Caregiving, Alzheimer's and mouth care assistance
As caregiver for someone with Alzheimer's you need to help them with their dental hygiene and mouth care. Mouth and dental hygiene care is very important to maintain best physical and mental health of the individual incapacitated by illness and disease.
As caregiver you will need to help them:
Caregiver mouth care tips
Encourage the person you are caring for to do as mush as possible for themselves. It helps maintain their skills and lessens your work in the long run too.
Caregivers need to clean the person's teeth or dentures gently every morning, evening and after each meal.
Use a soft toothbrush. Electric toothbrushes are great but may not be tolerated by someone who is demented or not used to the noise and vibration they produce.
Use a toothpaste the person likes the flavor of.
Mouthwashes are great for bacteria control and to leave the mouth refreshed. The problem is that you need the cooperation of the person with Alzheimer's so they do not swallow the mouthwash.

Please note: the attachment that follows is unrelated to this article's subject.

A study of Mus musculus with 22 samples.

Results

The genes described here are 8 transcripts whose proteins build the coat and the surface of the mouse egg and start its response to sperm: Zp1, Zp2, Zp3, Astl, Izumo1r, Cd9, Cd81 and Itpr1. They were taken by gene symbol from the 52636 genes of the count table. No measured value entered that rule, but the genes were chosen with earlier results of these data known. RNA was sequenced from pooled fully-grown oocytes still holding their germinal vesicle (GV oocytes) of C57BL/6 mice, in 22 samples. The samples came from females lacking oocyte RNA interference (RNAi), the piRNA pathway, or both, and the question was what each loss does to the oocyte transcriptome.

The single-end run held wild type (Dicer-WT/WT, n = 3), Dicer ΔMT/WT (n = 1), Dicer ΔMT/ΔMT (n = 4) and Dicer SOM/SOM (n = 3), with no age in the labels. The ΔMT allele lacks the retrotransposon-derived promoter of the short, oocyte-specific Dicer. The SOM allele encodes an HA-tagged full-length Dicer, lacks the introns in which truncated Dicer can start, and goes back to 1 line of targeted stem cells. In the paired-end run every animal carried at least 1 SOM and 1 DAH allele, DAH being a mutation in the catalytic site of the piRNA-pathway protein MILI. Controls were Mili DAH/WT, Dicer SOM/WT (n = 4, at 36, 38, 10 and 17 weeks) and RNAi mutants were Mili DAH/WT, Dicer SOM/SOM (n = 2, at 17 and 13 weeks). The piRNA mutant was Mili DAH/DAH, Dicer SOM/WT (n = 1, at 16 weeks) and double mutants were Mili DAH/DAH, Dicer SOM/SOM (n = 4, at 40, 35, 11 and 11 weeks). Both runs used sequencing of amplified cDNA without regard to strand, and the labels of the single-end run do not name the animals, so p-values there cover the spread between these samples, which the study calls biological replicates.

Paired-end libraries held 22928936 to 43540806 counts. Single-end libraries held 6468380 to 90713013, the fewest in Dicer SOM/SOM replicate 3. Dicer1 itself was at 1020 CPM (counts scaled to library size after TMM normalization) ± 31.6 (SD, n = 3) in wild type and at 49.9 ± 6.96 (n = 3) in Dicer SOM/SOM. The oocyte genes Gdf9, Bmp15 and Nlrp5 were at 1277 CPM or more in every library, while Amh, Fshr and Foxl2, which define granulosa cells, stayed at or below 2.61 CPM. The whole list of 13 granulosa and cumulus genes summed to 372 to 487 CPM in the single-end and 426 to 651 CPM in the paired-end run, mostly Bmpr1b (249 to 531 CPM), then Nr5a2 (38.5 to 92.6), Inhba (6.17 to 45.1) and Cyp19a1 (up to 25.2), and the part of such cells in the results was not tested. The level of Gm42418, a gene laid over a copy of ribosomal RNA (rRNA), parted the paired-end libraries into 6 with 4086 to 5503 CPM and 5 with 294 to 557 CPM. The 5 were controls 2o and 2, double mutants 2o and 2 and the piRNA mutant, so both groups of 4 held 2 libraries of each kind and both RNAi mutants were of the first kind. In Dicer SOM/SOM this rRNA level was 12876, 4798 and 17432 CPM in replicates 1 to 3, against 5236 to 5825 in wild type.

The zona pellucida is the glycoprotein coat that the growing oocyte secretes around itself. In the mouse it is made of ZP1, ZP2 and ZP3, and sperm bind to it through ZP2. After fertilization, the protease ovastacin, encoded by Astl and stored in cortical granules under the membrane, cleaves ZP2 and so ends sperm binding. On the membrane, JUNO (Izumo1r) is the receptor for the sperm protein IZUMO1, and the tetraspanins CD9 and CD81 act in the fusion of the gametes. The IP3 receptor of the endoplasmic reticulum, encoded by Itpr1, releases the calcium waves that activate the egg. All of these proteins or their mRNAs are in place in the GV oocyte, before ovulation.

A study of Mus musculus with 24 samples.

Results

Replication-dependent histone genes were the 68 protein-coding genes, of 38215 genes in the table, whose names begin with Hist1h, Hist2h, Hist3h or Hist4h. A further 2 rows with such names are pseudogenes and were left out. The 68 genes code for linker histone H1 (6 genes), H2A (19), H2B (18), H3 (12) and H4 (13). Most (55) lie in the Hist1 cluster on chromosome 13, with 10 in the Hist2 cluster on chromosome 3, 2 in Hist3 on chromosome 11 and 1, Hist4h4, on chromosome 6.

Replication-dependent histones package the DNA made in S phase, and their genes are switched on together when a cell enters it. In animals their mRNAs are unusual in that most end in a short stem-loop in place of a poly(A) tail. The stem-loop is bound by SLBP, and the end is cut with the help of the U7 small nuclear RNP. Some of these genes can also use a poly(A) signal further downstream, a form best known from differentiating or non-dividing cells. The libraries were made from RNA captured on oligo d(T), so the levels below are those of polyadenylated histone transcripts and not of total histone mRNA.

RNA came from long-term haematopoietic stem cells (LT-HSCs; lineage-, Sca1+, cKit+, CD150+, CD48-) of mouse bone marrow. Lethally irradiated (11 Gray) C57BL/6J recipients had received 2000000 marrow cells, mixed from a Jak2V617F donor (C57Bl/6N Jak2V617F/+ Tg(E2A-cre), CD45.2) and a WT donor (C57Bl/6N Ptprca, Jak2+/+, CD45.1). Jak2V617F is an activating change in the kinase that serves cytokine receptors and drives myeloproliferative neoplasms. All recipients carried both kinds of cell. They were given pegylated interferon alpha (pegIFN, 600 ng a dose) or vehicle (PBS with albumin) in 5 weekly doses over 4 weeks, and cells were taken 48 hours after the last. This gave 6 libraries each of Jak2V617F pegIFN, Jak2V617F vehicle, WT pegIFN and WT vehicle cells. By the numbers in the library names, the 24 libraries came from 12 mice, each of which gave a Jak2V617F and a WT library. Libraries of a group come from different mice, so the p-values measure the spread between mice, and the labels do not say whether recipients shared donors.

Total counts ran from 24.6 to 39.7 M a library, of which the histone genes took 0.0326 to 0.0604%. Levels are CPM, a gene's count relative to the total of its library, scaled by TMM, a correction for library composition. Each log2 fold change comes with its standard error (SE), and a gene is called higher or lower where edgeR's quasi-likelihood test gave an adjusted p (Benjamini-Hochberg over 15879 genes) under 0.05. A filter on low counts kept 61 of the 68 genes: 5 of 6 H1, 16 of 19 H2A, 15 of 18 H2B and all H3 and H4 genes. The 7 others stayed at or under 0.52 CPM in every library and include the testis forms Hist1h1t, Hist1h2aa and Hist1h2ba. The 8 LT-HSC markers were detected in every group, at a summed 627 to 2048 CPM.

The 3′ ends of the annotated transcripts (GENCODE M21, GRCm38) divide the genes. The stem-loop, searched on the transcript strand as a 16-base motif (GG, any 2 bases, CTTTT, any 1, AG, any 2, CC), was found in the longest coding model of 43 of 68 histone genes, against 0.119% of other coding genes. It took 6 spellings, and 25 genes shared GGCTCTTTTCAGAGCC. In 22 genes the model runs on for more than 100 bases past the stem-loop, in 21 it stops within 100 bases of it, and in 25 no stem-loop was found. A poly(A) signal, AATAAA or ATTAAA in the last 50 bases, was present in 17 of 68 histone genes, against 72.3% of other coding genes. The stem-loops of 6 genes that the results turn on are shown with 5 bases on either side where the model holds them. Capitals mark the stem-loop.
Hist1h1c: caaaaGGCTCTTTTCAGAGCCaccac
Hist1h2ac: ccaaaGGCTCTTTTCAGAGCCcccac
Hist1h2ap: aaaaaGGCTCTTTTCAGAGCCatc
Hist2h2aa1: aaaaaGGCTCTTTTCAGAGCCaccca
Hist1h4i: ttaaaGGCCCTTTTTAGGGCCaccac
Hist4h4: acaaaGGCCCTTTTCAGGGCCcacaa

Remember some mouthwashes can cause discomfort especially if someone's mouth is sore. Try diluting the mouthwash with water, or using one teaspoon of bicarbonate of soda diluted in a cup of warm water or by changing the mouthwash brand.
Remember to remind the person you are caring for what you are doing. Make comments about their teeth and gums and encourage their cooperation through praise and thanks. 'That's great', 'Your teeth look really white and clean now' 'Does the toothpaste make your mouth feel fresh?' etc, etc.
Be gentle when you brush their teeth or gently move their lips to accommodate the brush or cup. Never force the mouth open.
Externally, the person's lips can be kept moist by using Vaseline, or a flavored lip balm.
If you are unable to examine the person's mouth or find the person is very uncooperative ask your dentist, doctor or a nursing professional for help.
I have known many people with dementia who will assist people who are not their family or friends yet are totally uncooperative with their nearest and dearest. Their uncooperative behavior is often not a sign of your poor caregiving skills but rather something you may have overlooked. It may be just the fact that someone with Alzheimer's finds it difficult to be in the position of being looked after and all that entails for their self image.